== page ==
Math: How Teachers are Teaching

Math instruction has transformed over the years, moving away from rote memorization and formula-based problem solving and to (the much more effective) critical thinking and number sense. This might be different from the way you were taught, but you can still support your child at home. A few basic numeracy skills will go a long way, so you can help your child with greater confidence. These skills will help form a strong math foundation, so your child can be successful in math at school.

Verbal Counting

Children must learn to count verbally before they can move to any kind of mental math or computation skills. This begins with simply saying numbers out loud, not necessarily in order, and then counting in order.  In the early stages of counting in order, children always begin at one, but after lots of practice and increased number understanding, they can start at any number and begin to count forwards and backwards.

A key stage of verbal counting is skip counting by 10s, 5s, and 2s. Parents can help with counting at home in a variety of ways- through number books, songs, poems, and chants, and simply counting anytime you are on the move- in the car or waiting for a meal at restaurants. The more you practice verbal counting, the more you can develop your child’s number sense and get them ready for more advanced math concepts.

Object Counting

Object counting goes hand in hand with verbal counting, but the important concept here is one-to-one correspondence. This means that your child must understand that each number word corresponds to one object; for example, when counting pencils, your child must touch or move each pencil each time they say a number word to show that they understand this concept. Object counting is easy to practice at home as well- you can use math tools like a number rack with beads where your child moves a bead each time they count, or you can simply count objects around the house- spoons in the kitchen, toys in the toy box, books on the bookshelf.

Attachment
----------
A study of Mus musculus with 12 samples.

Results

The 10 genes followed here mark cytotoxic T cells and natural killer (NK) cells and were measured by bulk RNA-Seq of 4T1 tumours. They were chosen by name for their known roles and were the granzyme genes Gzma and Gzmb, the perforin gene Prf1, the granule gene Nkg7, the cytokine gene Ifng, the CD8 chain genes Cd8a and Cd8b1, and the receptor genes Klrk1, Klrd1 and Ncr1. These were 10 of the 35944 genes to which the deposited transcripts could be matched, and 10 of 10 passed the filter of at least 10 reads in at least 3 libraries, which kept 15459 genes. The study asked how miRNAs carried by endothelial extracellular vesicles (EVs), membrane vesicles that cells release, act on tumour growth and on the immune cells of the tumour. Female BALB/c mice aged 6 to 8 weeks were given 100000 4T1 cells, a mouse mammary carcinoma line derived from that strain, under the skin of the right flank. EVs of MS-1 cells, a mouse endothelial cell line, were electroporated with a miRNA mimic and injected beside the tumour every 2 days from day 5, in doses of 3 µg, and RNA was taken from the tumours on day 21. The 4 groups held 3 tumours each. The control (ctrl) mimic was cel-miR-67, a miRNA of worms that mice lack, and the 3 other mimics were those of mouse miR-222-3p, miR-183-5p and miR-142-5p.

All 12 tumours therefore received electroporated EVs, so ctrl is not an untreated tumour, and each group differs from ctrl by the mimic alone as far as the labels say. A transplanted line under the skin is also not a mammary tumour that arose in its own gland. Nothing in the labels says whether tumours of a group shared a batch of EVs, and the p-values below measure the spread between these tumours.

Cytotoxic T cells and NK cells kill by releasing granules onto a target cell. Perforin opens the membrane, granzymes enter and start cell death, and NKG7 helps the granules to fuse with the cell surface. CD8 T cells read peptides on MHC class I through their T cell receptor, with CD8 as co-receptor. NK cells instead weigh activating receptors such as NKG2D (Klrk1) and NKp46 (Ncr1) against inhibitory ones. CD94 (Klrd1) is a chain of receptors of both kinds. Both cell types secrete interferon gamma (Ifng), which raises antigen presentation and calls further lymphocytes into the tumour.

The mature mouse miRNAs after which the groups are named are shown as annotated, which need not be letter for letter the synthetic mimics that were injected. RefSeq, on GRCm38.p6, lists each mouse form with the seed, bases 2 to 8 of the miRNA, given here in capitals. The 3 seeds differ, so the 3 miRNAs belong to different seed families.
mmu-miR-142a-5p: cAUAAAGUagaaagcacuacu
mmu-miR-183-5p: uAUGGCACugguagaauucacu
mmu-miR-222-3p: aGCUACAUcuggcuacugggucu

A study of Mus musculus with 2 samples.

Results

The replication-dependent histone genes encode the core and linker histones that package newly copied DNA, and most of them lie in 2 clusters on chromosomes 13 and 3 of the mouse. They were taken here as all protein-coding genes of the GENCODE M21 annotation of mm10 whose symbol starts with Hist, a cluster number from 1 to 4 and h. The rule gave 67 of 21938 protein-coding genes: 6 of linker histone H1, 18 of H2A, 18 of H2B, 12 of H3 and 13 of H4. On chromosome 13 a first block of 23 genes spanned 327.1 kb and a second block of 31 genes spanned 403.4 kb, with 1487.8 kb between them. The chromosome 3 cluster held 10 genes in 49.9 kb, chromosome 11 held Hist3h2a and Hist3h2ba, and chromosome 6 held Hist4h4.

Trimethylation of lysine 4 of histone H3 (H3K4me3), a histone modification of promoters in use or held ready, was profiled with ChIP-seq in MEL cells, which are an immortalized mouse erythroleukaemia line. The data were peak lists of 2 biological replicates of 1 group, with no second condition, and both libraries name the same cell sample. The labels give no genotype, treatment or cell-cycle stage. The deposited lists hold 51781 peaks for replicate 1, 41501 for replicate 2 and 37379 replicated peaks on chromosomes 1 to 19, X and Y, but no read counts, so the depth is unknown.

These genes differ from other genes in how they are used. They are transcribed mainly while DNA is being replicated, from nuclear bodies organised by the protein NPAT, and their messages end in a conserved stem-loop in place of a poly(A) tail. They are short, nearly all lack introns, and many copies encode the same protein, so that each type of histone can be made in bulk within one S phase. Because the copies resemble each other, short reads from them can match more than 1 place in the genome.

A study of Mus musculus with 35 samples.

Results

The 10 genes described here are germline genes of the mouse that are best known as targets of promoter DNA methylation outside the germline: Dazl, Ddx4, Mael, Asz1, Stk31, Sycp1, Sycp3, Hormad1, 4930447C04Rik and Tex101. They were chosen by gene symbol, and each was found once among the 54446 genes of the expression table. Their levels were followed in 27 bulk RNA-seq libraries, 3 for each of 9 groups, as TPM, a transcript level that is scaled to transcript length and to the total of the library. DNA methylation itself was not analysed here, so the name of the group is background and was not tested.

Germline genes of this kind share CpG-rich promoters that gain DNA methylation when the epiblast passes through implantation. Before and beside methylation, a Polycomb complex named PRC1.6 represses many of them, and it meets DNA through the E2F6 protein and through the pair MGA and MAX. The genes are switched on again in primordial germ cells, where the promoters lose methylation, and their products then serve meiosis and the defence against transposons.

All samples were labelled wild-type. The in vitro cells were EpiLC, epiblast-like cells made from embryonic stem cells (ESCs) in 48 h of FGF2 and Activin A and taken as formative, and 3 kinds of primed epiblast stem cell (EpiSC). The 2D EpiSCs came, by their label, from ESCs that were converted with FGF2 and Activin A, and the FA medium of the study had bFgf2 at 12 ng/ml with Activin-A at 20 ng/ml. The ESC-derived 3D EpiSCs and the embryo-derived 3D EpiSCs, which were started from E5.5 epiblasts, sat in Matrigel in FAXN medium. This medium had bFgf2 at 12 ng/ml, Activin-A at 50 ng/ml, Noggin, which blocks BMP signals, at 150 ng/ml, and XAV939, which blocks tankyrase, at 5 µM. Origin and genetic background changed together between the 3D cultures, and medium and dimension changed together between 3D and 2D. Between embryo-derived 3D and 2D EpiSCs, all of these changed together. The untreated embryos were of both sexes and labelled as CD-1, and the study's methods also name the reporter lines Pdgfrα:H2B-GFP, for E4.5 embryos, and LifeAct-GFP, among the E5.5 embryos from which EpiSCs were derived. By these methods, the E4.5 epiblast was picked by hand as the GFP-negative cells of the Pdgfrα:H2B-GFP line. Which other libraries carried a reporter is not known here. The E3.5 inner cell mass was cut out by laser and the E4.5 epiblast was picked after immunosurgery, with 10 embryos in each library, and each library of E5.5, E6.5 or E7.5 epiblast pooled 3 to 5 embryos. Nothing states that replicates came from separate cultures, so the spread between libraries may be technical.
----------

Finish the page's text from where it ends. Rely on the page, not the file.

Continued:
Once children get the hang of object counting, they will want to count everything! Accuracy is important here, so if you notice your child doesn’t understand one-to-one correspondence or is skipping numbers, make sure you gently correct any misunderstandings. Eventually your child will develop flexible thinking skills enabling them to associate a single object with a value greater than 1.  Object counting of money is a good example where one dime represents 10 cents.


Subitizing is a mathematical skill that children usually develop around age 4 or 5. It is the concept of quickly recognizing a number without having to individually count, like adults do when they roll dice and can immediately tell that there are 4 or 6 dots without counting. Dice are certainly a great tool to use to develop this skill.

Other tools that you can use are math games,  abacus, dominoes or playing cards where children quickly tell the number of hearts or spades, or dot cards where children count dots. This can even be a fun seasonal activity where your child can count the number of pumpkins or snowmen on a piece of paper or greeting card. This quick identification of number amounts will really help to build numeracy as your children learn more advanced concepts.

How Many?

Once your child has grasped counting and subitizing, you can move on to “how many” questions. These questions are designed to see if you have enough of an object, and sets the foundation for more advanced questions like “how many more” and “how many fewer” in older grades. You can start by saying “We need 4 forks on the table for dinner. Here are 3. Do we have enough?” Your child can tell you yes or no, then if you feel they are ready, they can tell you how many more they would need to get to 4. This can be done with math tools like dice and counters as well as with household objects like beans and crayons. You can make this into a game to make it more fun for your child!

Teachers are now teaching much more than rote memorization; they are teaching conceptually with a strong number sense foundation. Focus on these skills at home with your child and you can set them up for math success in elementary school and beyond!